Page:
Policy Corner: NIH to Create Translational Science Center

The National Institutes of Health (NIH) announced last week that they are moving forward with a plan to create a new center focused on translational science. NIH Director Francis Collins called the decision “a momentous occasion” and projects that creating the center could be completed in about one year.

The center, which was proposed by NIH’s Scientific Management Review Board (SMRB – a panel established by the 2006 NIH reauthorization bill), would comprise the Clinical and Translational Science Awards program (currently part of the National Center for Research Resources), along with translational research and resources programs such as the Molecular Libraries Program, Therapeutics for Rare and Neglected Diseases, Rapid Access to Interventional Development, NIH-FDA partnerships and the recently created Cures Acceleration Network. Creating this center was recommended by the Translational Medicine and Therapeutics (TMAT) working group, a subset of SMRB that includes seven directors and senior members of the scientific community.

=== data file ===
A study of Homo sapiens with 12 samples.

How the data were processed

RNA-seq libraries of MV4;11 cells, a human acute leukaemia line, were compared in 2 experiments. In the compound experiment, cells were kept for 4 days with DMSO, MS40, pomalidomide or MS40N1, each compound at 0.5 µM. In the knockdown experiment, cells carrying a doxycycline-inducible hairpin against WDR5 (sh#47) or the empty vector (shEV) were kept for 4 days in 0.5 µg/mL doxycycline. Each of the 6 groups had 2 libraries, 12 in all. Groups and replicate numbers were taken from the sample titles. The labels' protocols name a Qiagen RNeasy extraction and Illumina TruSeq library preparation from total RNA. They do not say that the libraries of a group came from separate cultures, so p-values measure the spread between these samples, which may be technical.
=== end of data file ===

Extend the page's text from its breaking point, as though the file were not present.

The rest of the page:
The Federation of American Societies for Experimental Biology (FASEB) was notified of this at their Dec. 6 board meeting. ACSM is a member organization of FASEB. The next step is to send this recommendation for the new translational center to Health and Human Services Secretary Kathleen Sebelius. If she approves, she must notify the U.S. Congress, which will have 180 days to reject the recommendation.

In other news – FASEB is organizing a symposium on engaging basic scientists in translational research. The meeting will be held March 24-25, 2011 and will be hosted by the Howard Hughes Medical Institute at their Headquarters in Chevy Chase, MD. FASEB has invited up to two ACSM members to participate in the meeting in addition to any ACSM members serving on the meeting’s steering committee. As the goal is to explore ways that research institutions, funders, professional societies and scientific publishers can encourage and facilitate the participation of basic scientists in translational research, it would be helpful to FASEB if ACSM could suggest members engaged in basic research. If you have any suggestions of individuals in the early stages of their research careers (e.g., post-doctorates, research fellows and assistant professors), please contact Sean Keefer, director of government relations and health policy, at skeefer@acsm.org.